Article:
Democratic presidential candidates argued on Wednesday evening, during a seven-hour event broadcast on CNN, that they would stop at nothing to stop climate change.
Kamala Harris, who has faded in the polls, set the tone during her pre-primetime appearance. The California senator said that as president, she would somehow abolish the filibuster to implement the Green New Deal. By 2030, Harris vowed, America will have only electric school buses, and by 2045 we will have 100 percent zero-emission vehicles.
Harris would change dietary guidelines to reduce red-meat consumption. She would ban fracking. She would ban offshore drilling. She’d even ban plastic straws.
What about increasing production of nuclear power, which doesn’t produce carbon dioxide emissions?
“Given the existential threat to humanity posed by global warming,” one questioner asked Harris, “do you believe the time has come to put past nuclear-power failures into perspective and to embrace a new and smarter generation of nuclear-power technologies given all that has been learned and the scale of the crisis we’re confronting today?”
Well, Harris replied, she wouldn’t do that. “The biggest issue that I believe we face in terms of nuclear energy is the waste and what are we going to do with that.” Harris went on to say that it would “never” dispose of nuclear waste at Yucca Mountain in Nevada.
Harris dodged when asked whether she’d phase out nuclear power entirely, as Bernie Sanders has proposed. She kept her focus on protecting states from having nuclear waste stored on federal land within their borders, a key issue in Nevada, which happens to hold the third nominating contest in the Democratic race.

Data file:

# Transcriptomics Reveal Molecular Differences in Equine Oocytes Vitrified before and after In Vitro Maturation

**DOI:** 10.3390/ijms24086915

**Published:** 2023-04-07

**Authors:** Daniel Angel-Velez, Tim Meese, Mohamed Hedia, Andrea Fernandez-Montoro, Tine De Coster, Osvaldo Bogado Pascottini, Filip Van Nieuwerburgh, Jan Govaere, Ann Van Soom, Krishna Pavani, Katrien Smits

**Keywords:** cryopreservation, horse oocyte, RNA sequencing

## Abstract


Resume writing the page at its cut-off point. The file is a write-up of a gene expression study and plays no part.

It was the kind of calculating response one has come to expect from Harris. One half-expects her to reassure voters today that her Paper Straws for All plan will be phased in over a ten-year period, and there will still be a plastic-straw option that is heavily regulated by the federal government.
Joe Biden was his typical self: blustery and struggling to make clear points. He wasn’t asked about nuclear power, and he didn’t bring it up. He favors keeping the plants in operation but not building new ones.
Surely Elizabeth Warren, who has been surging in the Democratic race as the candidate of ideas, would take a more serious approach than Harris to nuclear power? Nope.
Warren conceded that nuclear power is “not carbon-based” but said that it has “a lot of risks” associated with it, such as “the risks associated with the spent fuel rods that nobody can figure out how we’re going to store these things for the next bazillion years.”
“In my administration, we’re not going to build any new nuclear power plants, and we are going to start weaning ourselves off nuclear energy and replacing it with renewable fuels. . . . We’re going to get it all done by 2035, but I hope we’re getting it done faster than that,” Warren said. “That’s the plan.”
Bernie Sanders was on the same page as Warren, arguing in favor of shutting down nuclear-power plants. “I think if you talk to the people in Japan in terms of what happened at Fukushima, talk to the people in Russia what happened in Chernobyl, you know what, they may not feel so comfortable with nuclear power,” Sanders said when asked about the fact that nuclear plants safely generate 70 percent of France’s power. “So I’m not a fear-monger here, and I wish the people in France the very best. But I think that the way forward, the most cost-effective way forward, the way forward that is safest is moving to sustainable energies like wind and geothermal.”
In short, 2020 Democrats argued that there is an existential environmental crisis, but we can’t be bothered to find the appropriate dirt heap under which we would dump the waste of a carbon-free energy source already in existence that actually works.